In this ongoing series that will last most of spring training, we’re going to look at each player that will be in Major League camp with the Cincinnati Reds. Each post will have some information on the player. There will be some background information, profiling, projections, and more. To see all of the posts in the series, you can click here. Today we are going to look at first baseman and outfielder Brian O’Grady.

Brian O’Grady’s Background

Acquired: Selected by the Reds in the 8th round of the 2014 draft

Born: 5/17/1992

Bats/Throws: Left/Right

Height/Weight: 6′ 2″ / 215 lbs

Years of MLB Experience: None

Brian O’Grady was never a highly ranked prospect; in fact, he’s never appeared on any top list. Nevertheless, he’s methodically worked his way through the farm system since he was drafted out of Rutgers. O’Grady worked his way up by at least one level every season and finally found himself on the brink of the big leagues last year after a mid-season promotion to Louisville.

Brian O’Grady’s 2018 Season

O’Grady’s year began in Double-A Pensacola, where he posted an .826 OPS in 63 games with the Blue Wahoos. He batted .258/.354/.472 with 22 extra-base hits, which was enough to earn him a promotion to Triple-A after a red-hot month of June. The 26-year-old didn’t stop hitting even when he reached a higher level. In fact, he only got better. In 42 games with the Bats, he hit a robust .306/.365/.563. There was a small caveat, though, as he was boosted by a .367 batting average on balls in play. O’Grady mashed a career-high 21 doubles and 14 home runs between both levels.

Brian O’Grady’s Playing History

Plate discipline has always been O’Grady’s strong suit at the plate. He has a 13.8% walk rate across five minor-league seasons, which has helped him stick around as an above-average offensive player despite an average hit tool (.244) and power (48 home runs in 1,788 plate appearances). In all his stops, he had at least a 105 wRC+, reaching as high as 143 in Low-A Dayton in 2015. He seemed to hit a wall once he reached Double-A, however, hitting only .185/.313/.347 and setting up 2018 as a possible make-or-break one for O’Grady at age 26.

He not only did enough to stay in the organization, but he also opened enough eyes to get an a non-roster invite to spring training in 2019 by unlocking previously unseen power. In the field, O’Grady brings a lot of versatility, playing first base and all three outfield positions. He also has five career appearances as a third baseman. He’s not as much of a base-stealer as he was early in his career, but he can move better than the average player. While he has swiped as many as 25 bases in a season, he hasn’t reached double digits since 2016 and was quite inefficient in his chances last year.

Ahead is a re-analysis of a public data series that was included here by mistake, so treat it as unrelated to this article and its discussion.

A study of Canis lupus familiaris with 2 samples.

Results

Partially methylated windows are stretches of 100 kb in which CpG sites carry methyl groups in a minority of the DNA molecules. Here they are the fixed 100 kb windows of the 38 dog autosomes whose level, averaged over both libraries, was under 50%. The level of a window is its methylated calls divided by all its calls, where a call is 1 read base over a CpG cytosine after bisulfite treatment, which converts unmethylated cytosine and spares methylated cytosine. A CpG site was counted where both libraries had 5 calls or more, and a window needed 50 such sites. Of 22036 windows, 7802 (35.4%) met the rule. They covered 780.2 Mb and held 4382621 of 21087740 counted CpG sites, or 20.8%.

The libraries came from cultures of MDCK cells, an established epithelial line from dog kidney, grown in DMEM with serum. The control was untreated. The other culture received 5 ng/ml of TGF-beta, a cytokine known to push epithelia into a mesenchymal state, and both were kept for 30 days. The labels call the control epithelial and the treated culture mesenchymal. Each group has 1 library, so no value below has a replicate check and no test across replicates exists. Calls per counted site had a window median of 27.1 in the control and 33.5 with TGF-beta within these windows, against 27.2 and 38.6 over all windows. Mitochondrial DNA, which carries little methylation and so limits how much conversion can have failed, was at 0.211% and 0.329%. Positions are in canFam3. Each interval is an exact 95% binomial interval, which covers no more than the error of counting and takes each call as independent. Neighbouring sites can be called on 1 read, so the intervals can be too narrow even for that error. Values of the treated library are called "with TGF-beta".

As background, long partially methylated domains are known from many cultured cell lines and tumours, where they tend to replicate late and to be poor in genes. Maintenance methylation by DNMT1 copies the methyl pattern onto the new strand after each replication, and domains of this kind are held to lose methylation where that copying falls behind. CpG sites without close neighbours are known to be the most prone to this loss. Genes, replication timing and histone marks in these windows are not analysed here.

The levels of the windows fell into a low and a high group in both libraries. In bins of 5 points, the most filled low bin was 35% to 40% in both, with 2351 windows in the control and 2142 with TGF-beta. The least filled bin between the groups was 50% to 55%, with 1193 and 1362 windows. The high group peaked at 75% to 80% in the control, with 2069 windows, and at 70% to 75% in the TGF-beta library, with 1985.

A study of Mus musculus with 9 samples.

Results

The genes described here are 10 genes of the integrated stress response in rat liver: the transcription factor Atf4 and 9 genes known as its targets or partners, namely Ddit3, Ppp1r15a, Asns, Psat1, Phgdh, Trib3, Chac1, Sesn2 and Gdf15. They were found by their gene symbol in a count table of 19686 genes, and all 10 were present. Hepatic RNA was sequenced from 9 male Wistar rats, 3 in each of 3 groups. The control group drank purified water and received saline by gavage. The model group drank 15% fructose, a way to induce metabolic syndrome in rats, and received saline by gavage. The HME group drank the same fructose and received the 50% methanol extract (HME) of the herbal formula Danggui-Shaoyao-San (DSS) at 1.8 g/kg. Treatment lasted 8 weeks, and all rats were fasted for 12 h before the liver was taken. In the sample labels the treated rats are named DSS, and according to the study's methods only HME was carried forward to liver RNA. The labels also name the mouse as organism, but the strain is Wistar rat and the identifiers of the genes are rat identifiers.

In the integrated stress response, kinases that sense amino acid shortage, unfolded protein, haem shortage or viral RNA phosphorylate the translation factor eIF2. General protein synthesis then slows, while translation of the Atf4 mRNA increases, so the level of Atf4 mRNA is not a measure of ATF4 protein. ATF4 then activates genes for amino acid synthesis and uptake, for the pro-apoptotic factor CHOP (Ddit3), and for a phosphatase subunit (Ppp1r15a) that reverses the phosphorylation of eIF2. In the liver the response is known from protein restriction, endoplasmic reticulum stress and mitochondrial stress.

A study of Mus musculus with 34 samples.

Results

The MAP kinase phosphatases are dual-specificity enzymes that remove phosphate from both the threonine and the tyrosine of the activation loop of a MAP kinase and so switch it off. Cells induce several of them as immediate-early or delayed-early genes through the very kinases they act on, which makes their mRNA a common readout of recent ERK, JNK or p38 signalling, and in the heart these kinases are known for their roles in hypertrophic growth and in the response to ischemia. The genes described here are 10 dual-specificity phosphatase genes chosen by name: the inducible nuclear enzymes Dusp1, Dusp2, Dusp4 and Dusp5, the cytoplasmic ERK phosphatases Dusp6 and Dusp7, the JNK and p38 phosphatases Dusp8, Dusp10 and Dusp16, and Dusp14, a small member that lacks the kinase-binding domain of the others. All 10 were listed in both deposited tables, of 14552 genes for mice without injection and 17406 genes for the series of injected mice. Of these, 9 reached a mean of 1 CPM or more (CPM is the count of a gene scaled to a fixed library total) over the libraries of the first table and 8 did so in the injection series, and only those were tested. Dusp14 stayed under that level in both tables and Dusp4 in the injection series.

Projecting Brian O’Grady for 2019

The odds O’Grady makes the Reds out of spring training are minuscule. There aren’t any open spots on the 40-man roster, and it’d take an impressive showing and injuries for him to show up on the Opening Day roster. If he can continue his power outbreak, however, he could become an interesting call-up option later on in the season should injuries force the Reds’ hand. O’Grady’s versatility would make him a possible utility player, while his on-base skills could help him stay relatively productive as he adjusts to big-league pitching.

ZiPS Projections | Steamer Projections | Marcels Projections

How could Brian O’Grady fit in Cincinnati in 2019?

Although O’Grady has some intriguing skills, there’s no clear path to playing time in Cincinnati this season. The Reds have a lot of outfielders already with Jesse Winker, Scott Schebler, Yasiel Puig, Matt Kemp, Nick Senzel, and Phillip Ervin. They’d have to get pretty far down the depth chart to turn to O’Grady. Meanwhile, Joey Votto and Eugenio Suarez are entrenched at first and third base, respectively. His best shot of reaching the big leagues this season would be as a backup to Votto. Curt Casali and Connor Joe are the probable backups at first base right now. But O’Grady will have to keep developing his power to get real consideration for a shot in The Show.

5 Responses

  1. DougEFresh

    So these ZiPS projections, this is what this guy is projected to do in 2019 for the big league club? 320 PAs? Really? That’s everyday ABs for half the season. Not that it couldn’t happen, but seriously, what are the chances?

    • Doug Gray

      Playing time is not projected for actual guesses/depth chart, simply what players who performed like this guy in the past wound up getting the following year-ish. Look more at the slash line than the PA.

  2. CFD3000

    I have two conflicting hopes for Brian O’Grady. For the Reds sake I hope he never makes it to Cincinnati. If he does something will have gone awfully wrong. But for O’Grady’s sake I hope somehow, someday he gets a cup of coffee in the big leagues – an inning or three in the field, a couple of at bats, a start in a double header. Just to be able to say he played in the major leagues as a reward for many years of dedication in the minor leagues. At the very least he’ll be able to say he was at the major league camp with Joey Votto and the big team.

    • Doug Gray

      And, never forget, if you get 1 day in the Major Leagues, you get health insurance for the rest of your life.